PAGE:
Charles I was executed on 30 January 1649. It was so cold that Charles requested clothes to wear underneath his execution outfit: he was worried the audience would be able to see him shivering and think it was out of fear. But of all we know about this day, the question of who executed Charles I remains a mystery.
The story goes that regular executioner, Richard Brandon, refused to execute a divinely ordained king. Officials were forced to delay the execution so that they could find a replacement. Eventually, a man and his assistant agreed to carry out the task - but on the condition that they could wear masks to protect their identity.
Various theories have been put forward as to who executed Charles. One such theory is that the executioner was in fact Richard Brandon. Perhaps Brandon pretended to refuse executing the king to protect himself, and then carried out the execution behind a mask.
In 1660, a man called William Hulet was put on trial for carrying out the deed. One witness, Richard Gittens, claimed that he had recognised Hulet’s voice at the execution when the executioner had asked Charles to forgive him. However, a number of witnesses for the defence claimed that Richard Brandon had privately admitted on a number of occasions to beheading Charles. William Cox, for example, claimed that he had heard Brandon admit to Lord Capel – who was about to be executed – that he had carried out the deed. According to Cox, Brandon admitted that he was paid a considerable sum of money (£30) for executing the king. Hulet was found not guilty at his trial and released.
The case against Brandon developed after he died in June 1649. ‘The Confession of a Hangman’ stated that Brandon had confessed to executing Charles for £30 and that he had been paid less than 60 minutes after the execution. In this ‘confession’ Brandon admitted that he had taken a silk handkerchief from Charles’ corpse. The document also revealed that his burial at a church in Whitechapel took place in dramatic circumstances, with crowds shouting ‘hang him, the rogue’ and ‘bury him in a dunghill’. The local City population clearly believed that Brandon had been the executioner.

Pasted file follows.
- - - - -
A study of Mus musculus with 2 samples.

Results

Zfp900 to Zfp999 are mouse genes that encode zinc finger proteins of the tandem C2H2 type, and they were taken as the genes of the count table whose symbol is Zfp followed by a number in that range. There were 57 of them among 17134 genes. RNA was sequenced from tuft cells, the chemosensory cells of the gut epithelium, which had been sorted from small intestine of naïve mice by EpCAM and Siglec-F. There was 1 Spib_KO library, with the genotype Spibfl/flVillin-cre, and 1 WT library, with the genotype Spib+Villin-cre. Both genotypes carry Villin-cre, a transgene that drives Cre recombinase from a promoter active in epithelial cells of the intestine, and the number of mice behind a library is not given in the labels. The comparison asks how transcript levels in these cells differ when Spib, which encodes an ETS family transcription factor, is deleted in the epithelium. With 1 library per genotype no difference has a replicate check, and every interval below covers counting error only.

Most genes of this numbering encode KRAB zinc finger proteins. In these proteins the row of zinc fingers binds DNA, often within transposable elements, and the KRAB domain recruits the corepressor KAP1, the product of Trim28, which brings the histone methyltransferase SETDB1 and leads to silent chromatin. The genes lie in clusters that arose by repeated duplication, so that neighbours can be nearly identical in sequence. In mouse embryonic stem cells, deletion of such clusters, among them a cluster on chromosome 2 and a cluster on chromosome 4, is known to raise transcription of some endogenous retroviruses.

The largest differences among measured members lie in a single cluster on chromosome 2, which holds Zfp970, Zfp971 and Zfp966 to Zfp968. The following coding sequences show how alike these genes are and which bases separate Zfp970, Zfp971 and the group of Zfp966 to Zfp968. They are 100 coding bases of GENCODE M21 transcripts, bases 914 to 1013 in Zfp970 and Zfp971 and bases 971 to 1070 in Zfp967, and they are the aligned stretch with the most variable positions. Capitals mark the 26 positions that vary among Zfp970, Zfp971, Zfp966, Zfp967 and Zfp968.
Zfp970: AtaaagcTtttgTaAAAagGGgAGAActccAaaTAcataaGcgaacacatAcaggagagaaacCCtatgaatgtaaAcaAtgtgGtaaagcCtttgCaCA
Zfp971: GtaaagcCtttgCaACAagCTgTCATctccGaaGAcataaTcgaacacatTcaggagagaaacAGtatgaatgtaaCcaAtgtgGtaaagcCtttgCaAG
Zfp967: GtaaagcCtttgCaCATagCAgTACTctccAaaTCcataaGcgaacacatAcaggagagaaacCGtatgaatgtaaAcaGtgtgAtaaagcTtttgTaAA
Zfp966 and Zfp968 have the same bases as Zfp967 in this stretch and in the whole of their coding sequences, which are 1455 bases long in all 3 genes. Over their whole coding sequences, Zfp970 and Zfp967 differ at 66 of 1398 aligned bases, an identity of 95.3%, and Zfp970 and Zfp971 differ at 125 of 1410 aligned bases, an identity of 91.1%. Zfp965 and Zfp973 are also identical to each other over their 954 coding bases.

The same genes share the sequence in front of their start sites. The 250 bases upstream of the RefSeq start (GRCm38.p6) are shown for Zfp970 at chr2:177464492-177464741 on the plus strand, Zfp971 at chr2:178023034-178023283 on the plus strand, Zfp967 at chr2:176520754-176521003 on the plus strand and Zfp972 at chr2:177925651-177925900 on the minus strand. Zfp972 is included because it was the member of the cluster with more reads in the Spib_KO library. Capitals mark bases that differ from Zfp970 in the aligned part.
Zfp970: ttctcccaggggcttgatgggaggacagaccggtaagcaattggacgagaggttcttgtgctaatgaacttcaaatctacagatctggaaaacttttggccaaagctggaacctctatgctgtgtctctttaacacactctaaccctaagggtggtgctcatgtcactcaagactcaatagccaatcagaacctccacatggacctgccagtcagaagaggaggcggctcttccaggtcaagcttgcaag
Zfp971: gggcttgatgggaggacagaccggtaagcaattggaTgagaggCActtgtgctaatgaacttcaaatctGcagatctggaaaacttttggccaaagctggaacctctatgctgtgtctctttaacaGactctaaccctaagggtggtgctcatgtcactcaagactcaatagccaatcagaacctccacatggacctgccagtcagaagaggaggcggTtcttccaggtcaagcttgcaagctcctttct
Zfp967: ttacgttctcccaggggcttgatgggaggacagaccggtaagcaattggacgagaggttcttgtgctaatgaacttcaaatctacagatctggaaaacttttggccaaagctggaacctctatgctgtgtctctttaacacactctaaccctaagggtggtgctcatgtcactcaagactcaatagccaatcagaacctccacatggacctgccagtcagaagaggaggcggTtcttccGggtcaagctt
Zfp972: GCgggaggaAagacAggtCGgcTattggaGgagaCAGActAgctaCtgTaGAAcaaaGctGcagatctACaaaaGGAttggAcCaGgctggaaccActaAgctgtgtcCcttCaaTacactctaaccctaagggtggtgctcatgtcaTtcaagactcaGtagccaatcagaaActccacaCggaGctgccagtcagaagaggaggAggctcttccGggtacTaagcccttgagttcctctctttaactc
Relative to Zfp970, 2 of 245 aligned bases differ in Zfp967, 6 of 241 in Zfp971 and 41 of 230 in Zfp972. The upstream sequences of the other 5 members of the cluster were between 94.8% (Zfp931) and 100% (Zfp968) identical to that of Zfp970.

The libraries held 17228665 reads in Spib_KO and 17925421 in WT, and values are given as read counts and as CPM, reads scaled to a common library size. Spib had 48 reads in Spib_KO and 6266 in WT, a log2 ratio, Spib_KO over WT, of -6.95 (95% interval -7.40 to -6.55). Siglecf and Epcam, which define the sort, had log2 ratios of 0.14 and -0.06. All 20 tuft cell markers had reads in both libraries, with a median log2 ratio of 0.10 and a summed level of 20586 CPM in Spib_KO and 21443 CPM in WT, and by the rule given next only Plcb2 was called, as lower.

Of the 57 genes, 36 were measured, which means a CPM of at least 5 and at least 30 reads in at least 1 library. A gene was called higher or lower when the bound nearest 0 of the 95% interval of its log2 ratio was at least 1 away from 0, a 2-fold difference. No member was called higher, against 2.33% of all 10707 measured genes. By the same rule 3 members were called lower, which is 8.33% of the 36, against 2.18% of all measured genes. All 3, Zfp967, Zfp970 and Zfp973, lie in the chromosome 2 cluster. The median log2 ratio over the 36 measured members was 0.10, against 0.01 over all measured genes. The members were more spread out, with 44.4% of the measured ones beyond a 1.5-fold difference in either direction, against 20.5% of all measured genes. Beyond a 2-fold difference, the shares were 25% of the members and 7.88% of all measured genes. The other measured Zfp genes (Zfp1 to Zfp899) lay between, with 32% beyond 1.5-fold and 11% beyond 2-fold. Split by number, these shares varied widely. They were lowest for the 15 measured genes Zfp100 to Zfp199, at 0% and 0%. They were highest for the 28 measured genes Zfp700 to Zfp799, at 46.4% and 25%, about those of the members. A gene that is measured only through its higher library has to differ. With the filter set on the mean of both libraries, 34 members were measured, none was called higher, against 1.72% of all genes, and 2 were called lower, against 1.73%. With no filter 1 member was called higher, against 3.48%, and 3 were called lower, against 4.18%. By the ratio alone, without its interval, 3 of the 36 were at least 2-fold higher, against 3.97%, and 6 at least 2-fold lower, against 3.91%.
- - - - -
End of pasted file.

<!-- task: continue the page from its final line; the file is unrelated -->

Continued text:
The executioner’s assistant is also unknown. One opinion is that he was a Parliamentarian named George Joyce. Joyce made his name by seizing Charles at Holdenby House and bringing him to Newmarket, probably with Oliver Cromwell’s support and knowledge. The principal evidence against Joyce came from an astrologer called William Lilly. Lilly described a dinner he attended to a Parliamentary Committee. At the same dinner was Robert Spavin, Cromwell’s secretary. Lilly claimed that the sole discussion at the dinner was the execution of Charles, which had only recently taken place. One person at the dinner claimed that the executioner was “the Common Hangman” (a reference to Richard Brandon’s official title). However, Spavin claimed that the executioner’s assistant was Lieutenant Colonel Joyce, and that only Cromwell, Ireton and he himself knew this.
After Lilly gave his evidence, Joyce’s arrest was ordered. However, he fled with his family to the Netherlands before he could be caught. Joyce’s speedy escape could indicate guilt, but it might also merely indicate his fear of being arrested and made a scapegoat for the execution.
See also: The Death Sentence of Charles I
"Who executed Charles?". HistoryLearning.com. 2015. Web.